Saudis in a tight spot
In Riyadh, Saudi Crown Prince Mohammed bin Salman (widely known as MBS) hosted a joint Arab League and Organization of Islamic Cooperation summit, whose leaders on Saturday called for an immediate halt to Israel’s “barbaric” military assault in Gaza — stopping short of imposing political or economic sanctions on Israel.
Why the mixed message? The Hamas attack on Israel and Israel’s military response in Gaza have put MBS in a bind. The king-in-waiting’s top priority remains the modernization of his kingdom and its economy. That’s the central purpose of his Vision 2030 project to diversify the Saudi economy away from its longtime dependence on oil exports for growth and revenue.
Before Hamas attacked Israel on Oct. 7, Saudi officials were working toward a historic deal to normalize relations with Israel that could help stabilize business relations in the region and boost relations with the United States, a plan MBS hopes might include some form of US security guarantee and material support for a Saudi nuclear energy project.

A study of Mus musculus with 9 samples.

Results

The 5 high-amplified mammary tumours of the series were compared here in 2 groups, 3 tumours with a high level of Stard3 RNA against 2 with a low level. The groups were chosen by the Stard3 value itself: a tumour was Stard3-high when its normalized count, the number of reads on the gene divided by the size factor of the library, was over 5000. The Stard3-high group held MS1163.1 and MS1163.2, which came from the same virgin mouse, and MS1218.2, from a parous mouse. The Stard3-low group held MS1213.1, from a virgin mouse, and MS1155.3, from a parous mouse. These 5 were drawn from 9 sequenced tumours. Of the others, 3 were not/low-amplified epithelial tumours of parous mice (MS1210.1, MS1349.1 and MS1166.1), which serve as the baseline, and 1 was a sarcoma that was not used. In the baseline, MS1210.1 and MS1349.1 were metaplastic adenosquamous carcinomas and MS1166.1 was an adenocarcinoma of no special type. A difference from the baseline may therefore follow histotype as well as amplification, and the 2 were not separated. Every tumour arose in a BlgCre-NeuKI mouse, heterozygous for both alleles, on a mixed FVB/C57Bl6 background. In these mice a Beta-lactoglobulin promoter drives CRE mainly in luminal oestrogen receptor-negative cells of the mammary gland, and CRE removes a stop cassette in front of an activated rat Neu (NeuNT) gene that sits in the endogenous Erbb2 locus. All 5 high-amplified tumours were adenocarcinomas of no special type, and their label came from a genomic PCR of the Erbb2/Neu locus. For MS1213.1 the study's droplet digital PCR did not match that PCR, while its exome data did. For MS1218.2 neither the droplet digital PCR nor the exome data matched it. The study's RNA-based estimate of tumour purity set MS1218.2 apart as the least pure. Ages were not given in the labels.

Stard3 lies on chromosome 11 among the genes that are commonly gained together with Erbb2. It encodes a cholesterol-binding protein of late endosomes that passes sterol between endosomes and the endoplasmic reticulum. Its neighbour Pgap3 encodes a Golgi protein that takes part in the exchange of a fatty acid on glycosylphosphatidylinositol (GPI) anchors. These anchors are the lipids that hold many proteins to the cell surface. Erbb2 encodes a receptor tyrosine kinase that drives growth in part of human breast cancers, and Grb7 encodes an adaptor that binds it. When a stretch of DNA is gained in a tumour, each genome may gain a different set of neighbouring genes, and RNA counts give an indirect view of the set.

The war in Gaza brought that bargaining to an abrupt halt. US and European officials want the Saudis to help finance and police a post-Hamas Gaza, but MBS has no interest in assuming those costs and risks. He also considers Hamas an ally of Islamist terrorist groups who threaten the Saudi government.
Some in the Muslim world, meanwhile, want the Saudis to punish Israel and its chief backer, the US, for the deaths of Palestinian civilians in Gaza by cutting oil exports that would push prices sharply higher. But major oil customer China, grappling with a serious economic slowdown, won’t be happy if the Saudis send near-term prices soaring. The delicate dance continues.